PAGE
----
Greek Guide

Kos Day Trips Greece Kos

Kos Tourist Attractions Day Trips Greece Greek Travel Guide Dodecanes Islands

Most visitors to Kos make a beeline for the island's wonderful beaches by day but if you can tear yourself away from the sun, sea and sand scenario for at least a day or two you'll find a fascinating array of ancient sites and places of interest to visit.

Start by exploring Kos Town, in the north east corner of the island where the ferries dock, visiting yachts are moored and excursion boats line up to transport holidaymakers to various beaches around the coastline and to neighbouring islands. It's an elegant town awash with street cafes, towering palms, pine trees and jasmine scented gardens.

Dominated by the huge 15th century Castle of the Knights, the town is an odd blend of ancient and modern. Swish boutiques, classy jewellery shops and a plethora of late night music bars co exist with ancient ruins exposed after the earthquake which rocked the island in 1933. The quake revealed the remains of a Roman agora (market place) with a third century BC temple and a 5th century AD Christian basilica. At the northern edge of this open site you can see the Hippocrates Plane Tree in the pretty cobblestone square of Plateia Platanou. The Father of Modern Medicine allegedly planted the tree 2,400 years ago and lectured his pupils beneath it but the best Greek tales pay scant regard to the facts. The tree is certainly one of the oldest in Europe but is no more than 600 years old.

One of the most interesting historic sites is the Casa Romana an opulent 3rd century AD Roman villa which once had 26 rooms and three pools surrounded by shady courtyards. You can still make out lions, leopards, dolphins and other sea creatures in the mosaic floors.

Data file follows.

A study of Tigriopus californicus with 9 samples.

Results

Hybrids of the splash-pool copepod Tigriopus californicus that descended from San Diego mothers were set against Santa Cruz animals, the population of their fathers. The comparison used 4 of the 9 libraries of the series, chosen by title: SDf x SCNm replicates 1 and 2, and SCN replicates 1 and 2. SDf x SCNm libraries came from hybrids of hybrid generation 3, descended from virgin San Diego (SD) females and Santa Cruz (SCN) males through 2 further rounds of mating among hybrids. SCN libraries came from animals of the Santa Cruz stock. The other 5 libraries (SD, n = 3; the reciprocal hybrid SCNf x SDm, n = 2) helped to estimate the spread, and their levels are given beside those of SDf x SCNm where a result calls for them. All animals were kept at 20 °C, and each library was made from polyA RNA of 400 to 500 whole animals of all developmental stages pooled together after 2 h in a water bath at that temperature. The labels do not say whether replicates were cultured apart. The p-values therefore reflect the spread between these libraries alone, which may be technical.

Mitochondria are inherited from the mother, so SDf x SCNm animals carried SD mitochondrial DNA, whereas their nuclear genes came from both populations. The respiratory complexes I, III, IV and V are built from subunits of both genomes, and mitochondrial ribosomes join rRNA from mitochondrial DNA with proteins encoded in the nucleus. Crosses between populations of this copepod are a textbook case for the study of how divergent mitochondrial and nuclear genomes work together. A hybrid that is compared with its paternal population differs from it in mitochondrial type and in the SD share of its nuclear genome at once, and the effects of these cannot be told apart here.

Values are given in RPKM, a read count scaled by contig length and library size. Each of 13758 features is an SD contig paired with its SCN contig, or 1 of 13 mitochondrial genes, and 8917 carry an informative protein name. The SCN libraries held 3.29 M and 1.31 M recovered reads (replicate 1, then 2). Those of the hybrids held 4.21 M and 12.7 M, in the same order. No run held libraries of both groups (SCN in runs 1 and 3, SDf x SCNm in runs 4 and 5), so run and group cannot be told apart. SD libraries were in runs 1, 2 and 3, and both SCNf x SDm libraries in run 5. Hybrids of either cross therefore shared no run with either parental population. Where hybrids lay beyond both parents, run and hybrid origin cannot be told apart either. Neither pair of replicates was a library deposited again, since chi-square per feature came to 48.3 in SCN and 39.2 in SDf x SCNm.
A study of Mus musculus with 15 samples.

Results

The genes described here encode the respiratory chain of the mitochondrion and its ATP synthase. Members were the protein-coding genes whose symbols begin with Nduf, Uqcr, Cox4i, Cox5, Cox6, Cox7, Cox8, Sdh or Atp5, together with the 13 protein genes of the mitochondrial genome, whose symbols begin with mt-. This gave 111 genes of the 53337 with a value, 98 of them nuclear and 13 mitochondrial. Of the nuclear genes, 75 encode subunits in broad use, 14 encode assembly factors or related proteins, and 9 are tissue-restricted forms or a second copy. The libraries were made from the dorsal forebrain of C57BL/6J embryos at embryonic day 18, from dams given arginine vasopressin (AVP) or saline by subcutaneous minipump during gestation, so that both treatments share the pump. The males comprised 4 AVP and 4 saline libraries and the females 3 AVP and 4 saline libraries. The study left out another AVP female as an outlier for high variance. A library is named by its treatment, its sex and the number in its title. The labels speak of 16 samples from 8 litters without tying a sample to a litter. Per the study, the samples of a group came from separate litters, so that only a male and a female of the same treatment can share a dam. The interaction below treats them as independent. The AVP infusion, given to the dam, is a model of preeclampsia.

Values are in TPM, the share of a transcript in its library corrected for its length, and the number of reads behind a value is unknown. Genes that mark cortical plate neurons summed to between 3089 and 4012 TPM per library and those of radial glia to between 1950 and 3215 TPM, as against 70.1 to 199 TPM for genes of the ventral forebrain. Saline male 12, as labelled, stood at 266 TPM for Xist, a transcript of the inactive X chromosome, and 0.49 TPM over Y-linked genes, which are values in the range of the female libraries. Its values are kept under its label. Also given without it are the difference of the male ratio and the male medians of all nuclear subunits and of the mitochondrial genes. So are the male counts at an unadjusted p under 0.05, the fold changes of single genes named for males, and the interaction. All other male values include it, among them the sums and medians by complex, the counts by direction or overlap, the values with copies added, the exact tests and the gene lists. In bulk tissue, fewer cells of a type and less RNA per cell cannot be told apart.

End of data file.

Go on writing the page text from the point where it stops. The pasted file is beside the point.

The town's archaeological museum in the main square, Plateia Eleftherias, gives a fascinating insight into the island's past with an array of finds from Hellenistic and Roman times. One of the star exhibits is a 4th century BC marble statue of Hippocrates.

A visit to the religious sanctuary and healing centre built after the death of Hippocrates is top of most visitors' agenda. The Asklipion site, four kilometres west of Kos Town, is one of the most important classical sites in the whole of Greece. The ruins consist of a 3rd century BC propylaea (the elaborate porch built at the entrance of ancient sanctuaries), Roman baths dating back to the 1 st century AD, the 4th century BC Altar of Apollo and the 2nd century BC Temple of Asclepios (the god of healing). People came from far and wide to visit the healing centre and to study at the medical school until the 6th century AD.

For a flavour of life as it used to be lived on Kos before the advent of mass tourism, explore the so called Asfendiou villages scattered along the wooded, northern slopes of Mount Dikaios. The picturesque hamlets of Agios Georgios and Agios Dimitrios have managed to maintain much of their traditional character whilst nearby Zia, the island's highest village, tends to get over run by coach parties arriving to witness its wonderful sunsets. Lagoudi, to the west of Zia, remains mercifully unspoilt and from here you can visit the medieval village of Pyli overlooked by the Palaio Pyli castle which contains a Byzantine church with 14th century frescoes.